Hitler's architect, German Minister of Armaments from 1942-1945
Entering Hitler's Inner Circle
In January 1931, Speer joined the National Socialist party. Shortly after the Nazis' rise to power, he was awarded his first large party contracts: redesigning Joseph Goebbels's official residence, and planning the May 1 celebrations in Berlin. His work attracted Hitler's attention and he personally gave Speer assignments. While working together, the two developed close ties of friendship. Hitler admitted Speer to his inner circle, opened up intoxicating new fields of action for him, and in the course of time allowed him a measure of freedom that no other member of Hitler's entourage ever enjoyed. Speer, in turn, gave Hitler outstanding service and complete loyalty.
In 1934, Speer succeeded Paul Ludwig Troost, who had died early that year, as Hitler's architect. He was given two tasks to perform: to draw up a plan for Berlin, and to create a permanent installation for party conventions and party pageantry in Nuremberg. On both of these projects, Hitler and Speer jointly developed megalomaniac building plans. In 1937, Speer was officially appointed inspector general of construction of the Reich's capital. This meant, among other things, that his department took charge of the apartments from which Berlin Jews were evicted in 1939. After deportations of Berlin's Jews to the East began in the fall of 1941, Speer's office had more apartments to allocate. Minister of Armaments. When Fritz Todt was killed in an air accident in February 1942, Speer was appointed to succeed him as minister of armaments; in September 1943, he was named minister of armaments and war production. In this capacity he was able, by using millions of forced labourers, to raise armaments production to a remarkable degree, at the very time that Allied air attacks were growing in intensity. Hitler's backing also helped Speer in his struggles with old-time party members and in the jungle of ill-defined spheres of authority that characterised the Nazi elite.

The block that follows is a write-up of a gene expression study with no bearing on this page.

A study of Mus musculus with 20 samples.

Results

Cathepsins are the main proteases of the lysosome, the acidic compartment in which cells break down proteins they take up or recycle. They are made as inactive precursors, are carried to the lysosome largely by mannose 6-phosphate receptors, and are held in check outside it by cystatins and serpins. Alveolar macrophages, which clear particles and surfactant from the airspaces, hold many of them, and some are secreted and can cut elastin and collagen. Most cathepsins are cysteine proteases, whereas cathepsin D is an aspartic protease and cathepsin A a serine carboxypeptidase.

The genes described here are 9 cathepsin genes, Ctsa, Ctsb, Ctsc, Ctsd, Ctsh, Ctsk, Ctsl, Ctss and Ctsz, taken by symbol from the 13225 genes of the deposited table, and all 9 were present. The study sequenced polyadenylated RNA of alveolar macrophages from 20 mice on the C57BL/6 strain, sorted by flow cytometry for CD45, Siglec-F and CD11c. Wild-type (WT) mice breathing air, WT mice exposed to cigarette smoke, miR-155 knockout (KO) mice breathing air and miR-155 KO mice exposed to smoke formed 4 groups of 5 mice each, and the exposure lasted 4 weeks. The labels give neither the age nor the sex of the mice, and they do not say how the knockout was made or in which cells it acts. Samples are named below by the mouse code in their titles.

Speer's Relationship with Hitler Deteriorates
Toward the end of the war, Speer's relations with Hitler deteriorated, but it was only in the final weeks that a real change took place. In violation of an explicit order by Hitler, Speer did not permit the destruction of industry and essential installations in the areas of Germany that were about to fall into Allied hands. He later claimed that he also planned Hitler's assassination, but it is unlikely that he really meant to carry it out. T he Nuremberg Trial. After the war, Speer was put on trial for war crimes by the International Military Tribunal at Nuremberg, charged with employing forced labourers and concentration camp prisoners. Unusual in the trial was his admission of responsibility for the actions of the Nazi regime, including actions of which he claimed he had had no knowledge. He was found guilty on two counts - war crimes, and crimes against humanity - and was sentenced to twenty years' imprisonment.
Following his release, Speer published his memoirs, "Inside the Third Reich"(1970), which gained a great deal of attention. Many scholars dealing with the Nazi era have accepted the authenticity of this self-portrait. Some, like Hugh R. Trevor-Roper, have seen in Speer, the man who ignored the political implications of the regime and served it with absolute loyalty, "the real criminal of the Nazi regime." Others believe he was far more involved in the regime's actions than he admitted.